Photo by Lance Winter
Supreme Court rules against NCAA in education-related benefits case
The NCAA can no longer limit education-related benefits colleges are allowed to offer athletes after a unanimous Supreme Court decision was handed down Monday.
The decision will allow schools to offer tutoring, computers, paid internships, study abroad programs and graduate scholarships to recruits. The decision did not rule on whether or not college athletes can be paid salaries, but did leave the NCAA vulnerable to future antitrust lawsuits.
The NCAA sought “immunity from the normal operation of the antitrust laws,” Justice Neil Gorsuch wrote in his opinion for the court, but that the court declined this request because “this suit involves admitted horizontal price fixing in a market where the defendants exercise monopoly control.”
The case was brought on by multiple former college athletes, lead by former West Virginia running back Shawne Alston, who filed the original complaint in 2014. The cases were combined into NCAA v. Alston at the Northern District Court of California, where Judge Claudia Ann Wilken, ruled in favor of the plaintiffs in March 2019.
The NCAA appealed the ruling to the Ninth Circuit Court, which upheld Wilken’s ruling in May 2020. The NCAA petitioned the Supreme Court in October and arguments were heard on March 31, but the association was still ruled against.
“The bottom line is that the NCAA and its member colleges are suppressing the pay of student athletes who collectively generate billions of dollars in revenues for colleges every year,” Justice Brett Kavanaugh wrote in his opinion, concurring with Gorsuch. “The NCAA’s business model would be flatly illegal in almost any other industry in America. All of the restaurants in a region cannot come together to cut cooks’ wages on the theory that ‘customers prefer’ to eat food from low-paid cooks … And price-fixing labor is ordinarily a textbook antitrust problem because it extinguishes the free market in which individuals can otherwise obtain fair compensation for their work.”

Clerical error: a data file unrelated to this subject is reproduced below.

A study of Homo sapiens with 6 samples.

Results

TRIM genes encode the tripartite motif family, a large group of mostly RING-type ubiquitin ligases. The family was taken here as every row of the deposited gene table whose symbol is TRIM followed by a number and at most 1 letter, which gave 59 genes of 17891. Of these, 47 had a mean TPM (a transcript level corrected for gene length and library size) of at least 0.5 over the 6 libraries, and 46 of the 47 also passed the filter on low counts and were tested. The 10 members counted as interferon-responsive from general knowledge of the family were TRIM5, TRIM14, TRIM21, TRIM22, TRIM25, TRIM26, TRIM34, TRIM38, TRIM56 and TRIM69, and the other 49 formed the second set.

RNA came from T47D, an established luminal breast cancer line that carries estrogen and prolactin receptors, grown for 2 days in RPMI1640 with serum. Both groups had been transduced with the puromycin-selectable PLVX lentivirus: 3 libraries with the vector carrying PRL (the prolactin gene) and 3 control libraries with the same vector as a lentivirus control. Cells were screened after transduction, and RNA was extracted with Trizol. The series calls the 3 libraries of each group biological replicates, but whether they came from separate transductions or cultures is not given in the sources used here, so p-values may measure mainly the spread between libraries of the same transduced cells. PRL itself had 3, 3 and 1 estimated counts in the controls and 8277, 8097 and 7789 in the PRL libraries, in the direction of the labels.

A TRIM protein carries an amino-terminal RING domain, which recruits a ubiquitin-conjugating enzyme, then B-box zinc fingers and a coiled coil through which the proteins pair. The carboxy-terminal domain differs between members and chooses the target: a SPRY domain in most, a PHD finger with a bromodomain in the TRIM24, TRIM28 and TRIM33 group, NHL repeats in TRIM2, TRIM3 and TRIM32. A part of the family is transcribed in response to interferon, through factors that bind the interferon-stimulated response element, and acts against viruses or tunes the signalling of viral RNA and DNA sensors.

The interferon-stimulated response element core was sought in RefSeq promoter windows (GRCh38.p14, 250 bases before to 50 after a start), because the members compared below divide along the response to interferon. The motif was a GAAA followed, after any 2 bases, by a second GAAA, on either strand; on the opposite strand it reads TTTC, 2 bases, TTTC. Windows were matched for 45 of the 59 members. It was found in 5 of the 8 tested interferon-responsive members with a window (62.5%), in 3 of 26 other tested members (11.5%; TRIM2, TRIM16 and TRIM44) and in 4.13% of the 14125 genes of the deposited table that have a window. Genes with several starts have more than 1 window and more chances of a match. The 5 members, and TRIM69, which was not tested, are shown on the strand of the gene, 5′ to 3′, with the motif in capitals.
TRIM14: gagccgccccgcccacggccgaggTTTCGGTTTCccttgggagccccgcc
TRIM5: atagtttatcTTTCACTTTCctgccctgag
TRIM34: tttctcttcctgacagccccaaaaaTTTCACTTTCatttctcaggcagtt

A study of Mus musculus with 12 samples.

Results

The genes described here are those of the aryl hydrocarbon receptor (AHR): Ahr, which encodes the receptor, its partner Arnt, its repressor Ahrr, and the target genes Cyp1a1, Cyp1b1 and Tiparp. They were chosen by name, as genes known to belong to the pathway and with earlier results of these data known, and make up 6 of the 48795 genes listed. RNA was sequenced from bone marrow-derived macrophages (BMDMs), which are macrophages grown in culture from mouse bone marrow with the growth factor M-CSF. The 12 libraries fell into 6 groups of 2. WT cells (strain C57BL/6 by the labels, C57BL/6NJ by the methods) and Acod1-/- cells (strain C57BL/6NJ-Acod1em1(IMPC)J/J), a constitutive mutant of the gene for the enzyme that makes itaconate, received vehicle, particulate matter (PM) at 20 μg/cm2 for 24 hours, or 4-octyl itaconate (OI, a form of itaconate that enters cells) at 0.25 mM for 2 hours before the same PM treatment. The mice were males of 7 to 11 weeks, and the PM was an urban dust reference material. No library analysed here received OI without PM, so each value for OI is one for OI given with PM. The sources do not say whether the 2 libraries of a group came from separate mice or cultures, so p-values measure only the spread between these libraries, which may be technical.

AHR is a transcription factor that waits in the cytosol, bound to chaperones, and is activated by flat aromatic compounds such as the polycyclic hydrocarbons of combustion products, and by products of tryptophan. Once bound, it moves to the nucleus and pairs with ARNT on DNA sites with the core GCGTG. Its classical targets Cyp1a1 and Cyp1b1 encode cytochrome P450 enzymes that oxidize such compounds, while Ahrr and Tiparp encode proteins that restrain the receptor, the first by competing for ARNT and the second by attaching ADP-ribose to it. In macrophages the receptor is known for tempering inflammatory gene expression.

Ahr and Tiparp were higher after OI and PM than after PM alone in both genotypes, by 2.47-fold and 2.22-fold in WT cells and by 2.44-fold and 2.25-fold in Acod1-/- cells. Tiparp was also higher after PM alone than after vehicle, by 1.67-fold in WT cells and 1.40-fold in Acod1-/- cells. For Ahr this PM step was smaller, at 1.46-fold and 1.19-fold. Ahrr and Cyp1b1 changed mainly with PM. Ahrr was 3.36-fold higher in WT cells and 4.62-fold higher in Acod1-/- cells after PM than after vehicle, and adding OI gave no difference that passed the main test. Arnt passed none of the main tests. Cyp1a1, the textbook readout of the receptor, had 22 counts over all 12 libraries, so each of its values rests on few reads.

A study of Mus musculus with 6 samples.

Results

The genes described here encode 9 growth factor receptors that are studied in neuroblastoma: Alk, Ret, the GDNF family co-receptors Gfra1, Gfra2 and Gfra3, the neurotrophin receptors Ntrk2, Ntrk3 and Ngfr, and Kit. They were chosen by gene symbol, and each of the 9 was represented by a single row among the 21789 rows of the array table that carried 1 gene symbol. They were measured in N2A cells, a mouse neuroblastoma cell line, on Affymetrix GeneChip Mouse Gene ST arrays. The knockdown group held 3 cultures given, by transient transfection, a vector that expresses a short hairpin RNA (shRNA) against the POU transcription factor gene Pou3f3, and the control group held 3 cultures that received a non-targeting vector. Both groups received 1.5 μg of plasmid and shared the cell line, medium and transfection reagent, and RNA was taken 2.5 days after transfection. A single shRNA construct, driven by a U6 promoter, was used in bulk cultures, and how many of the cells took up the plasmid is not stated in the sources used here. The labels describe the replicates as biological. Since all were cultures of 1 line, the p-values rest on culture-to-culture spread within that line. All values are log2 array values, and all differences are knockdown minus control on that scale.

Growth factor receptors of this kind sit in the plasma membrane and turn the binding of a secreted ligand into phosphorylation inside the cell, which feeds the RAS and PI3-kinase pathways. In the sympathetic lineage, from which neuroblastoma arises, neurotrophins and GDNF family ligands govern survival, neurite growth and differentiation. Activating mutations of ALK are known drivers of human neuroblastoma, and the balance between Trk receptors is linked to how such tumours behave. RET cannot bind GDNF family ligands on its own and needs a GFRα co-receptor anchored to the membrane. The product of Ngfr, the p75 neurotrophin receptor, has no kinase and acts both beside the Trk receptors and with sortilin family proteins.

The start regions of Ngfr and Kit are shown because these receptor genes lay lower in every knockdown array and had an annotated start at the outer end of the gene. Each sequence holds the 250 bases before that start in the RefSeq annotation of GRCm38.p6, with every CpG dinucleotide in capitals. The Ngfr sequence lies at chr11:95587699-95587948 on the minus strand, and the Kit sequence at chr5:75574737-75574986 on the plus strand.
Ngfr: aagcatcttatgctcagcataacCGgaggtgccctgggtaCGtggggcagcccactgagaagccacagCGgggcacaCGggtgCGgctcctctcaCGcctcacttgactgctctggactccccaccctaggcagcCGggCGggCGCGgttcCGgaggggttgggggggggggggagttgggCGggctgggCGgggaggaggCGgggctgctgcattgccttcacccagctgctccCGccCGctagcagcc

Matt Ralph, a partner at the international law firm Dorsey & Whitney who specializes in antitrust and competition law, said the decision exposes the NCAA to future challenges by students and member institutions who might prefer that colleges and universities compete with each other in ways the NCAA does not presently allow.
“In the student-athlete context, the next significant challenge will likely involve the renewal of an issue that was decided by the district court but not addressed by the Supreme Court in today’s decision – whether NCAA limits on student-athlete compensation violate the Sherman Act,” Ralph said. “Another big question is whether NCAA’s ‘Power 5’ conferences (ACC, Big Ten, Big 12 Pac 12, and SEC) will react to this decision by imposing their own limits on student-athlete compensation or by competing for student-athletes in new ways. This decision could fuel further conference re-alignments over such issues. Still another question is whether colleges and universities could withdraw from the NCAA and still compete with NCAA schools, thus challenging the NCAA’s monopoly power over college athletics and monopsony power over student-athletes.”
In a statement, the NCAA said that “While today’s decision preserves the lower court ruling, it also reaffirms the NCAA’s authority to adopt reasonable rules and repeatedly notes that the NCAA remains free to articulate what are and are not truly educational benefits, consistent with the NCAA’s mission to support student-athletes.”
“Even though the decision does not directly address name, image and likeness, the NCAA remains committed to supporting NIL benefits for student-athletes,” NCAA President Mark Emmert added. “Additionally, we remain committed to working with Congress to chart a path forward, which is a point the Supreme Court expressly stated in its ruling.”